Franz Beckenbauer, who won World Cups with West Germany as both a player and coach, was banned by FIFA on Friday from any association with soccer for 90 days after being accused of not cooperating with an investigation into the 2018 and 2022 World Cup bids.
FIFA, the world governing body for soccer and the organizer of the World Cup, said Beckenbauer refused to comply with repeated requests for help in determining whether votes awarding the next two World Cups to Russia and Qatar were influenced by bribes.
Beckenbauer is the first person to be penalized in association with the scandal, which gained wide prominence after a series of stories in the Sunday Times of London alleged widespread corruption linked to Qatari official Mohamed bin Hammam and the 2022 bidding campaign.
The U.S. finished second to the tiny Middle Eastern nation in the 2010 vote to award the 2022 World Cup.
In the stories Beckenbauer, a former voting member of FIFA's executive committee, was reported to have taken paid consultant jobs in 2011 with German firms seeking contracts for World Cup-related projects in Qatar, a gas-rich emirate.
FIFA suspensions typically include bans on attending matches and meeting with other soccer officials, although it was unclear Friday whether Beckenbauer would be prohibited from attending the World Cup in Brazil.
Beckenbauer, 68, an adviser to FIFA and a global ambassador for German club team Bayern Munich, said he was willing to answer any charges in Germany, adding that he had "nothing to do with corruption."
Focus on the referees
A day after controversial calls from Japanese referee Yuichi Nishimura set the table for one Brazilian goal and took another away from Croatia in Thursday's World Cup opener, Mexico lost a pair of Giovani Dos Santos' goals to two poor offside call in its first game of the tournament.
Unlike Croatia, which lost 3-1 to Brazil, Mexico brushed aside Cameroon, 1-0, Friday in a driving rain in the northeastern city of Natal.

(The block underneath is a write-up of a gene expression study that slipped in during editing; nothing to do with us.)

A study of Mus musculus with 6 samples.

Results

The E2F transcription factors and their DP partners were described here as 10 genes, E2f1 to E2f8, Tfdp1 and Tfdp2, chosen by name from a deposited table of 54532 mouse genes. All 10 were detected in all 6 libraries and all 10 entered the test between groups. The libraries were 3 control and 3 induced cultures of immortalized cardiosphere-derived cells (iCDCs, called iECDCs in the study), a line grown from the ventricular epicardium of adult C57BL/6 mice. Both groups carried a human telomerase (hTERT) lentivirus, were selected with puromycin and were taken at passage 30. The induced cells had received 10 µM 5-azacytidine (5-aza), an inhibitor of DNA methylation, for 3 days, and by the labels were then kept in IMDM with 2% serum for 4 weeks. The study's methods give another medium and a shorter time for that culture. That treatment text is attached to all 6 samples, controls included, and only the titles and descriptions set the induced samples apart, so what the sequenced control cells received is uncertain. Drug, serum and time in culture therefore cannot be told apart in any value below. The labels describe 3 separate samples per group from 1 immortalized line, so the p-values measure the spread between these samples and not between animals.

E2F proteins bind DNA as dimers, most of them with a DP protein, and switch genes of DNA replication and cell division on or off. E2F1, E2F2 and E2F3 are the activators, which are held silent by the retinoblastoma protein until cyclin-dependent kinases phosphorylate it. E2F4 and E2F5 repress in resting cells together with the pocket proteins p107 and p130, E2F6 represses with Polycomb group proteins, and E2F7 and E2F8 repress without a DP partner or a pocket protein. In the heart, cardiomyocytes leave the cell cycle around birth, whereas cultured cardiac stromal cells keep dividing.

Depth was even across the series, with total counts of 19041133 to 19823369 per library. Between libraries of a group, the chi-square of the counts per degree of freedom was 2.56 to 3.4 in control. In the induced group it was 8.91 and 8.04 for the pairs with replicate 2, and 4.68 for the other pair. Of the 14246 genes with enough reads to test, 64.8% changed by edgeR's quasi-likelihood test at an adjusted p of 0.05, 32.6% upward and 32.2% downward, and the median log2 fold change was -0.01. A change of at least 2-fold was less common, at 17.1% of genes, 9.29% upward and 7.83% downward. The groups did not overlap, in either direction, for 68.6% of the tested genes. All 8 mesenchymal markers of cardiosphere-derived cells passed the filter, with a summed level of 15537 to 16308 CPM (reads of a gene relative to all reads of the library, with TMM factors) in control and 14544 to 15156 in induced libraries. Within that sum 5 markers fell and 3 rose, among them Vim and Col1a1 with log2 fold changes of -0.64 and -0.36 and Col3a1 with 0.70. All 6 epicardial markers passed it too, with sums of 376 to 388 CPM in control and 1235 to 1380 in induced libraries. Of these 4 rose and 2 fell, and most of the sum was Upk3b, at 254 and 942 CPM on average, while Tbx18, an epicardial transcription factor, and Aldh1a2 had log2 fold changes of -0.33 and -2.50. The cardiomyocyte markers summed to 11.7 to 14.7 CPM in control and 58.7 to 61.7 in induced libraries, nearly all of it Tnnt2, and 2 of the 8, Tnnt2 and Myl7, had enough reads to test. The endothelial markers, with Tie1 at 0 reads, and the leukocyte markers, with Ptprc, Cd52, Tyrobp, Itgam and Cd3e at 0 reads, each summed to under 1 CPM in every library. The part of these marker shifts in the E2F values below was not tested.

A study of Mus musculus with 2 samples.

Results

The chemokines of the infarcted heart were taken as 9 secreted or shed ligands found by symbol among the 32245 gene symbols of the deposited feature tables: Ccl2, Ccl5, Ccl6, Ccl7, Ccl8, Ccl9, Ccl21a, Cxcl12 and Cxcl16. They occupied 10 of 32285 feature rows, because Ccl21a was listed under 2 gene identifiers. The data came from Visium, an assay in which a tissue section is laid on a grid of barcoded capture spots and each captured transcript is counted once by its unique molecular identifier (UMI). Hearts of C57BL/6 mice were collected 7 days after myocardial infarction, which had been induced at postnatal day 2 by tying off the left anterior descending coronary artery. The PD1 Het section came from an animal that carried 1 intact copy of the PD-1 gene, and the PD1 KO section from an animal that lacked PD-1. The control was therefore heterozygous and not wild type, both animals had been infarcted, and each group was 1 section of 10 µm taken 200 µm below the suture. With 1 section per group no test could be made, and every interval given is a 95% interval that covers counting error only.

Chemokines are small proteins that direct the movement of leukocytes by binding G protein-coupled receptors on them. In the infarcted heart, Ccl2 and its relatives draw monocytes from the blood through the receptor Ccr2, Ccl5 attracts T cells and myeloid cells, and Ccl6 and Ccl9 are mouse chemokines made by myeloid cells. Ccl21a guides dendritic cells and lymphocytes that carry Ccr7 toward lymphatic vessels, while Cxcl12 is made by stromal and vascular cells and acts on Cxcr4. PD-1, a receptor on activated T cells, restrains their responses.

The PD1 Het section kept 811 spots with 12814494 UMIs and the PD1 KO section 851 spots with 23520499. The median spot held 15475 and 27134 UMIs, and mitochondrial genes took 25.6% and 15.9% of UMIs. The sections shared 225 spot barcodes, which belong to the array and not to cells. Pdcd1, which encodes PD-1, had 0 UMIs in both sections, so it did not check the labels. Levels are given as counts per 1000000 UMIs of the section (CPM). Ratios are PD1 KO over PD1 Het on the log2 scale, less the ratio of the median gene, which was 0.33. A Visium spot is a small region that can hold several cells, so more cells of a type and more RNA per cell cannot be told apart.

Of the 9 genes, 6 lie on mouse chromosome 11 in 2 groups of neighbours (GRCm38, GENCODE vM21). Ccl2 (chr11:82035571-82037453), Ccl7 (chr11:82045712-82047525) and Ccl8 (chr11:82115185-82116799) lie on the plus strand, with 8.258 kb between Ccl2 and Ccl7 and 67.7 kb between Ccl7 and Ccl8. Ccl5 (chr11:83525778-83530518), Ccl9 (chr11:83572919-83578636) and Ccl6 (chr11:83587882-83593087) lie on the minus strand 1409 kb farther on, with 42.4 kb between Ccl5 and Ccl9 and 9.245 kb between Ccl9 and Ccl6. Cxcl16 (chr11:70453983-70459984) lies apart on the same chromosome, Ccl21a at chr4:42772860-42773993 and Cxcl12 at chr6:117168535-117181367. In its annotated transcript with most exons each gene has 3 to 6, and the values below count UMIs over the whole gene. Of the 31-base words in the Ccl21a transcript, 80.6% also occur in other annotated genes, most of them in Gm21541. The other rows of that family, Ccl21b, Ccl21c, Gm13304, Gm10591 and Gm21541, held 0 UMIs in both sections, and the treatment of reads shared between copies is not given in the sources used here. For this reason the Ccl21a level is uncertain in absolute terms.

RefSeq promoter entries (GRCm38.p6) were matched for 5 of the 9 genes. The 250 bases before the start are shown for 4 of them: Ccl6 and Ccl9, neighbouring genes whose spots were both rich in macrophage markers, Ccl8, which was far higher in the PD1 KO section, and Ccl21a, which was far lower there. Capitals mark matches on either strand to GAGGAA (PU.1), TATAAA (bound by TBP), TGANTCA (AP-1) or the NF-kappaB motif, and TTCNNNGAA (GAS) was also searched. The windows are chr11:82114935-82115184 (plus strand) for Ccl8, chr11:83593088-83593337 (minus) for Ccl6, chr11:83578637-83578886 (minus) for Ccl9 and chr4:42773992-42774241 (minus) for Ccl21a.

"The refereeing took away two clear goals," Mexico Coach Miguel Herrera complained. "But at the end of the day you've got to work for it and we get to the next match with three points."
Despite adding goal-line technology and other tools to help the referees, two days into the month-long World Cup poor officiating has already impacted two games. That's not a good trend.
Stadium issues continue
Organizational problems plagued Thursday's otherwise-festive World Cup opener in the brand-new Arena Corinthians, which clearly wasn't ready for prime time.
Despite a large and impressive menu of items, various concession stands had nothing more on hand than paper bags of stale popcorn and, in a few places, tiny sandwiches.
Some of the doves released during the opening ceremony couldn't find their way out of the arena, with the final one seeking asylum in the press box.
Then there was the bank of lights that flickered out midway through the first half with Brazil trailing Croatia, 1-0.
Artistically speaking, things didn't get much better on the second day with Mexico and Cameroon playing in horrible conditions in Natal while in Manaus stadium workers painted over dead spots on the turf with green dye to make the field presentable for TV viewers of Saturday's England-Italy game.
Speaking of TV, U.S. viewership of Thursday's World Cup opener was up 8% over the 2010 kickoff match with 9.5 million people watching Brazil beat Croatia on ESPN and Univision combined, compared to 8.8 million for the South Africa-Mexico opener four years ago.
The numbers are all the more impressive considering Thursday's game began at midafternoon on a weekday throughout much of the U.S.
The Spanish-language audience on Univision was measured at 5.1 million, down 800,000 from four years ago when Mexico played in the opener. But ESPN drew 4.4 million people, up 55% from 2010.
Facebook claimed 58 million people worldwide posted message about Thursday's game.
Germany remains an octopus favorite
Four years ago a Germanoctopus named Paul correctly predicted the outcome of all seven of the country's World Cup games. This summer that duty has fallen to Regina, a young octopus living in a tank inside the Sea Life aquarium in Berlin.